ARK Funds: The Tail that Wags the Dog?

The popularity of the company’s funds raises a tricky question, says Morningstar columnist John Rekenthaler

John Rekenthaler 2 March, 2021 | 1:08PM

If ARK's receipts weren't an all-time record (they were well above Vanguard's best run rate, but I don't have access to Vanguard's daily figures) they were without doubt the highest ever notched by a niche fund company. Unlike other fund industry sales leaders, ARK is new to the scene (founded in 2014) and until recently was tiny. One year ago, the company's US funds held only $3 billion in assets.

Investing by Theme

ARK's funds are highly specialised; the right funds, one might say, for the right time. In the United States, the company operates seven exchange-traded funds, each of which pursues an investment theme.

You can completely, utterly, and unreservedly judge these books by their covers. The funds' portfolios are as their names suggest, stuffed with companies that are high on promise and low on earnings. For example, the median price/sales ratio for ARKK's companies is 22, as opposed to 2.5 for the overall stock market. Only one third of those businesses are currently profitable.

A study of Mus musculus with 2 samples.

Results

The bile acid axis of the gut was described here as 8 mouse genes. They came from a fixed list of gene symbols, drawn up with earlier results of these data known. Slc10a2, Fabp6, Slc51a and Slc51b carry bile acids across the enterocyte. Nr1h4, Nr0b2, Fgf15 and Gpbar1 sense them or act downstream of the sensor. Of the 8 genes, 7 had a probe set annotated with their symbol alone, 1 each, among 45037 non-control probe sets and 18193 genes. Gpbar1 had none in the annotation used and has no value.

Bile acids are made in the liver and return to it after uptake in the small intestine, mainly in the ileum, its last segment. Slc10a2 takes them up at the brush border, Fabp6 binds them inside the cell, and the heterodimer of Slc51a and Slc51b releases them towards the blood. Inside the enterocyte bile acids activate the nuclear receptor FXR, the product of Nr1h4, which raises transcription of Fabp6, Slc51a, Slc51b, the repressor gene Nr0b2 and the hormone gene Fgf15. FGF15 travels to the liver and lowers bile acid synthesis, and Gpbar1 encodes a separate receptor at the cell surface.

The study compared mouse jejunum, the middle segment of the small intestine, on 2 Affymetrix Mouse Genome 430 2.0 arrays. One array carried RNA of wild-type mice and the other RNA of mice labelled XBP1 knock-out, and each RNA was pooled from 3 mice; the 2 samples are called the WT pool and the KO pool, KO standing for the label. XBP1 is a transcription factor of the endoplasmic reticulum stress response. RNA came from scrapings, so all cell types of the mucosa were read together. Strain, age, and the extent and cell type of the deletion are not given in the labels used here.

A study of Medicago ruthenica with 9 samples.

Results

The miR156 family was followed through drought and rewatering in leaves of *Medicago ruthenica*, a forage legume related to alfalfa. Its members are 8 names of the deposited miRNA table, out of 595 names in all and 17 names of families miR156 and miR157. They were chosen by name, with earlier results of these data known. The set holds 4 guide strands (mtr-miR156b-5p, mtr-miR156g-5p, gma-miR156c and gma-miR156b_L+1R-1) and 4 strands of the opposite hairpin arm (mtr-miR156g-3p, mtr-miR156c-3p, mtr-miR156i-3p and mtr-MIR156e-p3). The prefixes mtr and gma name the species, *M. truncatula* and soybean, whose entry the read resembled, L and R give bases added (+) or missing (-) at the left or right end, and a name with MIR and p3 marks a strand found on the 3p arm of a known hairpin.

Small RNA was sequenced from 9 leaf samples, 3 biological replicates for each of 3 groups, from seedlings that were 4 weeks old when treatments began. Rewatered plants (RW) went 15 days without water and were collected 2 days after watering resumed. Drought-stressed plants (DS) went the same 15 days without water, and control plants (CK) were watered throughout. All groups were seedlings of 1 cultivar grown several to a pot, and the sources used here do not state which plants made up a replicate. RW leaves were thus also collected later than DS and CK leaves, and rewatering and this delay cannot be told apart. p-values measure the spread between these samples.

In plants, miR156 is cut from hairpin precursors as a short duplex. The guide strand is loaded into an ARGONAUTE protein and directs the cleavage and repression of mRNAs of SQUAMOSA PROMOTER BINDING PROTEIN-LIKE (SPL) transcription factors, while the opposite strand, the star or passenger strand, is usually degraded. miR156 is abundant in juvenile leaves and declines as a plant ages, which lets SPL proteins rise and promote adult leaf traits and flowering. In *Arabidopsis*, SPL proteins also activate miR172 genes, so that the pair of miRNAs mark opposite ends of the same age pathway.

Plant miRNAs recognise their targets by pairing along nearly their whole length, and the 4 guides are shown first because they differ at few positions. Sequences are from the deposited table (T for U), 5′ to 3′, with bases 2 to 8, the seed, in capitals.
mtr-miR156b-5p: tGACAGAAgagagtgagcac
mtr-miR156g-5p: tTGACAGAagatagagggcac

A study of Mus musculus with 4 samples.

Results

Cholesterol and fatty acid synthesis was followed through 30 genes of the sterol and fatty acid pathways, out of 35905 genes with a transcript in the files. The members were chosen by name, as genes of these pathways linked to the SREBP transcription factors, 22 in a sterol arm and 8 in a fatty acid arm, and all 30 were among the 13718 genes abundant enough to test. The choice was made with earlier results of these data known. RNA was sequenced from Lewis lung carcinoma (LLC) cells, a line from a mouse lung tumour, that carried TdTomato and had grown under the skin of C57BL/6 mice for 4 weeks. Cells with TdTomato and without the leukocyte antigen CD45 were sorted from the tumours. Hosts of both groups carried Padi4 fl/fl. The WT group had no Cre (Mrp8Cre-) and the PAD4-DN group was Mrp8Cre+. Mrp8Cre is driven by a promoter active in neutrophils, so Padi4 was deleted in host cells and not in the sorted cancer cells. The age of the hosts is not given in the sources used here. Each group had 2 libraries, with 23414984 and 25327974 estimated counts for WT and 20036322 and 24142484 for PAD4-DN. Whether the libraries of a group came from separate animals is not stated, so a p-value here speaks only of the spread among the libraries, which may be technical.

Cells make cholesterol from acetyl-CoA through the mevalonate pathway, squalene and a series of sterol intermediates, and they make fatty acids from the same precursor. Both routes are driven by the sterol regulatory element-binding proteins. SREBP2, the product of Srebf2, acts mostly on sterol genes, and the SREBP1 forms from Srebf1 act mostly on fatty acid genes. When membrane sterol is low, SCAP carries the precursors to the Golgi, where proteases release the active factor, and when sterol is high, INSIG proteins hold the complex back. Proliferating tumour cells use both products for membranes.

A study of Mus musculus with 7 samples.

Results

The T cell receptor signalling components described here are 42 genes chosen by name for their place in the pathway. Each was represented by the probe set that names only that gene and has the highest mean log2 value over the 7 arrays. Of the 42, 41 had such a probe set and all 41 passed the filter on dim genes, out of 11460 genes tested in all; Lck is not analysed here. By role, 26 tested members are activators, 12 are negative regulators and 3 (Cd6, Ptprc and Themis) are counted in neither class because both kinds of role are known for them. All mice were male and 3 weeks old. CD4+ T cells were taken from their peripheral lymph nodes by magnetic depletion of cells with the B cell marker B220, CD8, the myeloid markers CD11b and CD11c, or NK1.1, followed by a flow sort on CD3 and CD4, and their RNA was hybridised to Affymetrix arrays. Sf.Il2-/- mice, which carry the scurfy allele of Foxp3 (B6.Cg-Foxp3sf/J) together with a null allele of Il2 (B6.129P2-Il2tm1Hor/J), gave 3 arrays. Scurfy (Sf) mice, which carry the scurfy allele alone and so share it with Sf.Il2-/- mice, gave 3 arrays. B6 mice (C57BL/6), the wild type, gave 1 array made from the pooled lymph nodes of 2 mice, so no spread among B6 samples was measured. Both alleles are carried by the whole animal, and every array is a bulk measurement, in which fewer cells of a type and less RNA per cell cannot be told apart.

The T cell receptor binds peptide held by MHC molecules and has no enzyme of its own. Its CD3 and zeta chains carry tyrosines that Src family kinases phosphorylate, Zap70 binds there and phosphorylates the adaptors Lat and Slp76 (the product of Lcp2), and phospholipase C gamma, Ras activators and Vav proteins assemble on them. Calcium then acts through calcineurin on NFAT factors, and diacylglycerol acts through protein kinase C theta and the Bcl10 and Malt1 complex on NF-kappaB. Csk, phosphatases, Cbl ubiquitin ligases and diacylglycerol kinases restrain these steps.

In short, these funds will terrify those with a strong sense of investment history. Finance professors widely prefer cheap, unheralded companies to stocks that carry steep prices and similarly steep expectations. Practitioners tend to be swayed more by personal experience than do academics, but most veterans reach a similar conclusion: emerging businesses usually disappoint.

Although ARK's investment strategy is familiar, the company's sales success is not. Its inflows raise the question: is the fund tail wagging the stock market dog? That is, have ARK funds performed so well (ARKK is up 11% this year after gaining a breathtaking 152% in 2020) because when its funds put their new monies to work, they boost the prices of the stocks that they already hold?

Indexmania Running Wild?

Such queries are nothing new. They have long been asked of equity index funds, which have been called self-fulfilling prophecies. However, the maths doesn't support that argument. Although tracker funds are enormous, their inflows are not strong enough to do anything more than nudge stock prices.

This occurs because of two reasons. One is that index funds have been a long, slow build. Yes, such funds control $5 trillion, but that figure was attained after decades' worth of sales, plus market appreciation. In no calendar year have the net annual sales for US equity index funds of all stripes, offered by all providers, including both mutual funds and ETFs, surpassed $230 billion.


John Rekenthaler  John Rekenthaler is vice president of research for Morningstar.